It was not a confluence of unexpected events that made me miss my flight home. It’s nothing that dramatic. But on December 16, I decided not to take the flight back to Manila and end my supposed six-month sabbatical-style break. I booked a Cebu Pacific flight way back in October in anticipation of the skyrocketing airfare during the holidays.
Well, I chose to settle for a while in Vietnam and continue wandering in the next few months or probably years. I have no concrete plan to be honest. But at the very least, I have some vague idea of where I want to be in 2017. But if you have been on the road for quite a while, you know things can change anytime and you have to be open to all possibilities.
Looking back, 2016 was magical for me. I couldn’t believe I was able to take the plunge and leave everything behind to take things slow, breathe, explore, and know more about myself and the world we live in.
My journalism career was blossoming then. My office had been entrusting me with important coverages, one was the assignment to follow Rodrigo Duterte on the presidential campaign trail. Prior to that, I was picked by the US Embassy in Manila to cover the first ever meeting of US President Barack Obama with 10 Asean leaders in California. It was definitely a feat, but even then something was amiss.
Deep within me, I was constantly restless. My friends knew how much I wanted to travel and explore the world. And so after the results of the presidential elections were out, I was unstoppable. Despite opposition from my bosses, I tendered my resignation and flew to India.
For the life of me, I couldn’t imagine how I did it. I didn’t have much money. I left with 2, 500 US dollars and almost half of it went to to the yoga school in Dharamsala where I stayed for a month. But it was exactly the right time to do what I wanted. I have a supportive and loving family. And at that point in time, I had nothing to lose.
“The worst thing that can happen to me was to end up broke,” I told my best friend. “I can always go back home.” It was I who needed much convincing then that all would be well.
Life on the road is never as easy as it seems. It isn’t all about scenic beautiful mountains, beaches, good food, coffee and beer, hostels and meeting fun and adventurous travelers. There were days anxiety kept me awake until 3 in the morning. I felt I was just drifting aimlessly and wasting precious days and months. There were times I wanted to go home.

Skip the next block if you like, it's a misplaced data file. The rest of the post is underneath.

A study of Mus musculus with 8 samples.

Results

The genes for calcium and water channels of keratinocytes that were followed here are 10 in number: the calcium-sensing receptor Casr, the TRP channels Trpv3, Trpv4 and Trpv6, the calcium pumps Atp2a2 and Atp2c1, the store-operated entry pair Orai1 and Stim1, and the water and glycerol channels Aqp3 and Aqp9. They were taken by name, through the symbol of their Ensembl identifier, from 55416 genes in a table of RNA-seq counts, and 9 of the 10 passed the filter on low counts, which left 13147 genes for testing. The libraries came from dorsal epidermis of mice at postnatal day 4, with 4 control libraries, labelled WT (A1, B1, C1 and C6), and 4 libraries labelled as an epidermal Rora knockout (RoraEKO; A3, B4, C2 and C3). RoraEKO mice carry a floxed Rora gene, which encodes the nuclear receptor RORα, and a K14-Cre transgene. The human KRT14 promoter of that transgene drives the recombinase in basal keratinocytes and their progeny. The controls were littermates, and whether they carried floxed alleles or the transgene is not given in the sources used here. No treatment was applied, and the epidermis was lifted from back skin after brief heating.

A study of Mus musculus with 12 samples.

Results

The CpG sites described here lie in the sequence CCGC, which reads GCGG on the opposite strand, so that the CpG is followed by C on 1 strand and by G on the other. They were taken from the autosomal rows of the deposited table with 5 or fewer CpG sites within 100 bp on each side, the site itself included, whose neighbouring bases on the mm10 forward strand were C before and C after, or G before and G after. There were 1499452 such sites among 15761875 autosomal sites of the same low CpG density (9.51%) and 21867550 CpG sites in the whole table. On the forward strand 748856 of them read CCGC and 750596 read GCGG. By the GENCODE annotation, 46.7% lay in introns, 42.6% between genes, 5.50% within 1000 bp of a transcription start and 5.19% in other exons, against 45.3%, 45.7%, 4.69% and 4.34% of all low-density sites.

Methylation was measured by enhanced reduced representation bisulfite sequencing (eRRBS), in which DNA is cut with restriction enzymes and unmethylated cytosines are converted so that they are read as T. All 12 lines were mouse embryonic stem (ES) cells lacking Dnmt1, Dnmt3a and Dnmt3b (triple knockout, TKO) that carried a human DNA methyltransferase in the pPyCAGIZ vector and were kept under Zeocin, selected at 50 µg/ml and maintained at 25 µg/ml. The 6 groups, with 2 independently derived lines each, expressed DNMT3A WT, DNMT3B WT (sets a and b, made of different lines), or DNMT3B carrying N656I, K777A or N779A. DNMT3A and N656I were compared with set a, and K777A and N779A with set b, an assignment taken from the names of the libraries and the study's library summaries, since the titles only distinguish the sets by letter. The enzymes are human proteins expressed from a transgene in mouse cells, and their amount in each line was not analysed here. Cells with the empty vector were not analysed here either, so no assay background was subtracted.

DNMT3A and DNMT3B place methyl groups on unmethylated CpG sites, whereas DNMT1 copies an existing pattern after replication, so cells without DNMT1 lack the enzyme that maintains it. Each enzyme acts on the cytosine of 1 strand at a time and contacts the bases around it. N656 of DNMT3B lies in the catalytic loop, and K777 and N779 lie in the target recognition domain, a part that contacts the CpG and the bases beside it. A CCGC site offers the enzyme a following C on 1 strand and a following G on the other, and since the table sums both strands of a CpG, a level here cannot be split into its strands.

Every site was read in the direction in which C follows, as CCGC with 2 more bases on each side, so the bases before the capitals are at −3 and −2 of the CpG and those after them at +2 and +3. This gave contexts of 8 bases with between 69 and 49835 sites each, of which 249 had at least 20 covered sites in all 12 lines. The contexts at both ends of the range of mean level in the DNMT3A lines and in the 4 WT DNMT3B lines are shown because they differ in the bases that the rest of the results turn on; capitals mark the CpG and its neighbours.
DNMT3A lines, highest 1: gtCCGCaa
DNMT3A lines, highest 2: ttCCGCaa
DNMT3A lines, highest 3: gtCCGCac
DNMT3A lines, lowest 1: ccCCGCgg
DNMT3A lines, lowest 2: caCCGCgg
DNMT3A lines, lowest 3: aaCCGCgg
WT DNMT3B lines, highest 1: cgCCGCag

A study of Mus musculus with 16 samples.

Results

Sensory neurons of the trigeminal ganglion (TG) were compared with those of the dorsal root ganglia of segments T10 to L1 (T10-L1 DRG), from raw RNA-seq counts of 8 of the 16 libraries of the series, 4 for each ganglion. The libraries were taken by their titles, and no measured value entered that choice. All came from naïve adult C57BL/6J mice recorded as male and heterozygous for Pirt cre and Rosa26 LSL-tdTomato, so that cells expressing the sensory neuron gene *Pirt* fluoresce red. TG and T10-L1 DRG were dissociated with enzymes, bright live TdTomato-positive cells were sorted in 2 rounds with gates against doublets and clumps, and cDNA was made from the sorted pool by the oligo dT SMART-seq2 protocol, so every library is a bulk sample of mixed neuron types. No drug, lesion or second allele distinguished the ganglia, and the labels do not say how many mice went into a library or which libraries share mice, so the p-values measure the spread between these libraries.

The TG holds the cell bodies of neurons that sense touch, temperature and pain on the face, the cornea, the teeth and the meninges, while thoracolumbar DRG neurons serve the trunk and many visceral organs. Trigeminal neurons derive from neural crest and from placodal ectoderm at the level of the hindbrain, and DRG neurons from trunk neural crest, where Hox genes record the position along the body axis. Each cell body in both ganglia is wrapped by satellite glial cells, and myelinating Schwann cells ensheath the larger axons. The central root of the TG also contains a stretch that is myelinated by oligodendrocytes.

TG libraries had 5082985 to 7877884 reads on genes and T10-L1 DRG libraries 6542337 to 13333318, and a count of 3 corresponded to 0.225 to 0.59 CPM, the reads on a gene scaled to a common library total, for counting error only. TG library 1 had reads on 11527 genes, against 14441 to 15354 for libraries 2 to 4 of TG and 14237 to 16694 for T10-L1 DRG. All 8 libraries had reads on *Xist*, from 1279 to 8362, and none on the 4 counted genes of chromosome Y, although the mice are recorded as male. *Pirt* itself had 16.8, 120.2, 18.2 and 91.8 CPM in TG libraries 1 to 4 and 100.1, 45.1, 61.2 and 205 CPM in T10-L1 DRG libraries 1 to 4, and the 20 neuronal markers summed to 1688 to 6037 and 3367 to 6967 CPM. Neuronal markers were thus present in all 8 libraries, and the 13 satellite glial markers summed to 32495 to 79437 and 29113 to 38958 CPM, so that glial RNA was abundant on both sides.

But I had to be reminded of my reasons why I left in the first place and the things I have accomplished so far. The previous months had toughened me physically (because of yoga) and spiritually. My heart and mind have never been this open and clear. My travels, especially India, had changed me.
The change was pretty obvious, especially in my yoga practice. Compared to six months ago, my forward bend was deeper. My flexibility and core strength had improved astonishingly.
On the last day of 2016, I was smiling while doing the sun salutations and positive thoughts had begun to come in. I was happy and I was myself.
So for now, I will be in Vietnam. Hanoi has that unique Asian beauty, traditional but modern. There is chaos and order. While I get annoyed seeing sidewalks blocked by parked motorbikes and I feel like a scared kitten crossing the streets, I am happy to see that motorbikes are the kings of the road here. Whether you like it or not, riding a motorbike, either with your own or with GrabBike, is the cheapest and most convenient mode of transport in Vietnam. And so I am liking the city.
But after having found a furnished room in a neighborhood close to the scenic West Lake for a price not too far from the average monthly rental rate in Manila, I have to move again to take a teaching job in the province called Thai Binh. I have no idea what the province will be like. But you may call it an adventure and a learning experience. Wish me luck!